What Does an Executor Need to Do?
First things first. Acting as a personal representative of someone's estate is a big responsibility, but remember – if your loved one named you as the executor, he or she must have believed you were capable of carrying out the task.
Second, it is quite normal to have a ton of questions about what you are supposed to do. Most executors select an experienced attorney to provide advice and guidance along the way, with the legal fees being paid by the estate. In this article, we'll give you an overview of what you can expect in your role as executor.
Am I an executor or a personal representative or an administrator?
Technically, they are same thing. A personal representative of an estate is a general term and can refer to either an executor or an administrator. The primary difference between an executor and an administrator is how the job came about – an executor is chosen by the decedent and named in the decedent's will, while an administrator petitions the probate court after the death of a person for permission to manage the person's estate in cases where there was no will.
Regardless which title comes with the job, your duties are essentially the same. With the help of your attorney, you will petition the probate court for permission to manage the estate, pay valid claims, and legally distribute the assets to the heirs of the estate.
What am I in charge of?
The executor is responsible for gathering and protecting assets and generating an inventory of the assets owned by the deceased, which may include some or all of the following:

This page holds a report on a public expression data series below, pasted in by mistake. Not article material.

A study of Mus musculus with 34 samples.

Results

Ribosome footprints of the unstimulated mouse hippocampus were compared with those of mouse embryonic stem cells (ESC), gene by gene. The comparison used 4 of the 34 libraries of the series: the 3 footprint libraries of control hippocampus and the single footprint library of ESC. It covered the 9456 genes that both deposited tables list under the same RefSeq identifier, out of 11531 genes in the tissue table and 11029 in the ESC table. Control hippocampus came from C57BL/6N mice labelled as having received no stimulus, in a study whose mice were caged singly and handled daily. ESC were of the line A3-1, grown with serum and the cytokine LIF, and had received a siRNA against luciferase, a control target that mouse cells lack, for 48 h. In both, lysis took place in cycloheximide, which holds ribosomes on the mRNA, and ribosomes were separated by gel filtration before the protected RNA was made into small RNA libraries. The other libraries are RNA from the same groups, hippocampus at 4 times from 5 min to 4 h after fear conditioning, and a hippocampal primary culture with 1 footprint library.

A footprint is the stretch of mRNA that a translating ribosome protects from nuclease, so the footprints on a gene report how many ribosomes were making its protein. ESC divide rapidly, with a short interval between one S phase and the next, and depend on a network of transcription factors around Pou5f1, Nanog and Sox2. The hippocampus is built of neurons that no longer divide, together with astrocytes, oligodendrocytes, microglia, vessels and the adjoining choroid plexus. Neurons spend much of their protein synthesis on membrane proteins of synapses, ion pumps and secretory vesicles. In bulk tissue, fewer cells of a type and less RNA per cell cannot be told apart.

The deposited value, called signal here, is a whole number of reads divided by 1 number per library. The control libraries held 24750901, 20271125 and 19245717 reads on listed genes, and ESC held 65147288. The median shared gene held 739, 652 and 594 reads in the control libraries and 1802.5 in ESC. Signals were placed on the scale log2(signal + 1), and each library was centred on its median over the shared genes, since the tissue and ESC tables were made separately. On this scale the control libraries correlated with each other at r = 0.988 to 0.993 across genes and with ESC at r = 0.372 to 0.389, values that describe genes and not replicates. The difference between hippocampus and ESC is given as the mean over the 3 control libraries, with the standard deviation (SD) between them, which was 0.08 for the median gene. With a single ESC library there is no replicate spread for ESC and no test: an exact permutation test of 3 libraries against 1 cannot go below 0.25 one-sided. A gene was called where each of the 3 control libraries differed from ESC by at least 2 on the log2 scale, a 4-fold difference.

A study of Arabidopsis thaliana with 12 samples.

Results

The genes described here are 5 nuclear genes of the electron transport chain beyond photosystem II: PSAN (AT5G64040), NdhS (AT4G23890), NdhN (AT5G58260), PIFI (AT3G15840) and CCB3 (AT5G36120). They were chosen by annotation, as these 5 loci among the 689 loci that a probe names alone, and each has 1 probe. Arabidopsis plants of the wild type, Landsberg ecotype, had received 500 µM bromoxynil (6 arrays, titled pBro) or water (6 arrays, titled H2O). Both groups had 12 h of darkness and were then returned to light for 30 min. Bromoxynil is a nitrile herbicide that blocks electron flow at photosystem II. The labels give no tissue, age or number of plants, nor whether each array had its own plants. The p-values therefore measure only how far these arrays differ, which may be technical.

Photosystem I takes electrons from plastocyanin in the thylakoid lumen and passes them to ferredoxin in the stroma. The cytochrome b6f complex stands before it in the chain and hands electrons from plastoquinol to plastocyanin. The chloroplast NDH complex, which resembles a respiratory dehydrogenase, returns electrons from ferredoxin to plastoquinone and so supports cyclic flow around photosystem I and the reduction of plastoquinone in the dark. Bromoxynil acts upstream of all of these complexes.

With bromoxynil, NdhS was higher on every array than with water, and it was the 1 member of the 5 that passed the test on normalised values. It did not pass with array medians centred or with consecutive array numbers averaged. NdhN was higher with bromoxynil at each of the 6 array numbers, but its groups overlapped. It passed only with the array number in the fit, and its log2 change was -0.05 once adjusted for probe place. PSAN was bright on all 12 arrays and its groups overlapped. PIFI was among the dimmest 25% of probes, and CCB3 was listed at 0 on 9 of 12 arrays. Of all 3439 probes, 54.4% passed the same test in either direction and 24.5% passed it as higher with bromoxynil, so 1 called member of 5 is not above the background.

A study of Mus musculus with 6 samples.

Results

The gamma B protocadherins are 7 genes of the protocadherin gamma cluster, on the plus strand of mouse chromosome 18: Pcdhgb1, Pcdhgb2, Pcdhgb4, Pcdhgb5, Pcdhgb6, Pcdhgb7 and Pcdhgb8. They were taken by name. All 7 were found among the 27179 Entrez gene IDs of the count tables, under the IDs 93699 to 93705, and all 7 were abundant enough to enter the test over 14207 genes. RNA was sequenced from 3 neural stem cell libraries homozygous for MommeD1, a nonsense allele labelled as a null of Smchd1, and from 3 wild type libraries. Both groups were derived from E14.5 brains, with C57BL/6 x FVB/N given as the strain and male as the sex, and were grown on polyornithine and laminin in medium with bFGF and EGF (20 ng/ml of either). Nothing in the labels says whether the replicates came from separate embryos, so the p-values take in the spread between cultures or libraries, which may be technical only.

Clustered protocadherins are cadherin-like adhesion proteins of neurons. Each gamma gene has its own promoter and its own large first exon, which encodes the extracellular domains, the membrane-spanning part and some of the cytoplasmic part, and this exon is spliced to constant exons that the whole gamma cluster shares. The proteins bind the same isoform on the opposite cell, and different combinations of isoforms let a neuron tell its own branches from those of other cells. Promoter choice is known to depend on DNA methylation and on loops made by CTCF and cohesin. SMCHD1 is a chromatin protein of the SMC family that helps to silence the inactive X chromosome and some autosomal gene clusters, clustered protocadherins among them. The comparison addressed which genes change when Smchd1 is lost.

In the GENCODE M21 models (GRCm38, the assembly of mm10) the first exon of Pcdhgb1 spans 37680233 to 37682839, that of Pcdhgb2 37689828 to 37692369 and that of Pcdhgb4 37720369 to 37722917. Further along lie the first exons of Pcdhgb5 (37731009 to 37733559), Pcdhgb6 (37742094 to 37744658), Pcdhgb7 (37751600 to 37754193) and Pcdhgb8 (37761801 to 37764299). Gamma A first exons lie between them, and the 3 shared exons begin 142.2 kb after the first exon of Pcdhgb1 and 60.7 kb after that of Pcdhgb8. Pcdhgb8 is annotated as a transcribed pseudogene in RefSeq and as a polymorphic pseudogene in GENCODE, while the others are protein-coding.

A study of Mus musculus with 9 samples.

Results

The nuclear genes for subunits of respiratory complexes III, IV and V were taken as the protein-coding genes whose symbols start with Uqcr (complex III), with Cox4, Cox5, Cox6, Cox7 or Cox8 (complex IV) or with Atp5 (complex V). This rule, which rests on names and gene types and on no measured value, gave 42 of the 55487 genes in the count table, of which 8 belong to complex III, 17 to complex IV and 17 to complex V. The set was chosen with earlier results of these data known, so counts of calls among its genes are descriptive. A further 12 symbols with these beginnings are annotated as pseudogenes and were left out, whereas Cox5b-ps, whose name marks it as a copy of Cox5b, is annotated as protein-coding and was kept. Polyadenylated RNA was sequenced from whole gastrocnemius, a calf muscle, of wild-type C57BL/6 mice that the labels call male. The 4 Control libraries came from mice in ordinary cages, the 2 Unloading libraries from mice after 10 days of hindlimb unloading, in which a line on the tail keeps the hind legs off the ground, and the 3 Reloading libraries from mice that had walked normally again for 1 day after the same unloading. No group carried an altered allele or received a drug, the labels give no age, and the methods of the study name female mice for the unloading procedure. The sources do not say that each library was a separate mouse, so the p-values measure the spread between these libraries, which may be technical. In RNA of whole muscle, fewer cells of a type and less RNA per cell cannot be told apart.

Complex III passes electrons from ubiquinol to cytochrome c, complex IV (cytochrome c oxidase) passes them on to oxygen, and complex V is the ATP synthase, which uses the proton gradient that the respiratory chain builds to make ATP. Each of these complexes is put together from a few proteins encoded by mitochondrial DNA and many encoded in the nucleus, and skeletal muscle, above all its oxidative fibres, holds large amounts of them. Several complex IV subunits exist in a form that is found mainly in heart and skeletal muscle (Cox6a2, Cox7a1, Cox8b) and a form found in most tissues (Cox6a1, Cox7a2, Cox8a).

- Bank accounts
- Retirement accounts
- Real estate
- Stocks, bonds and other securities
- Life insurance proceeds, if payable to the estate
- Vehicles titled in the deceased's name
- Contents of safe deposit boxes
- Household goods and furnishings
You don't have to physically gather everything, but you should take steps to make sure assets are reasonably secure, insured and maintained.
What about claims against the estate?
Valid claims against the estate should be paid according to priority set by Texas law. Certain types of claims, such as the cost of funeral expenses and estate administration, have a greater priority than general unsecured debts, for example. It is best not to pay any claims, however, until the estate has been fully inventoried and the time period for filing claims against the estate has expired. Even then, be sure to seek legal advice since, as the executor, you may be liable if you pay claims that should not have been paid.
How do I get started?
If you need help administering an estate, contact an experienced Bryan, Texas estate planning attorney at Peterson Law Group. Call 979-703-7014 to schedule a consultation and get the advice you need to open and manage your loved one's estate. The attorneys at Peterson Law Group are experienced in handling estates of all sizes and are here to assist you at any time.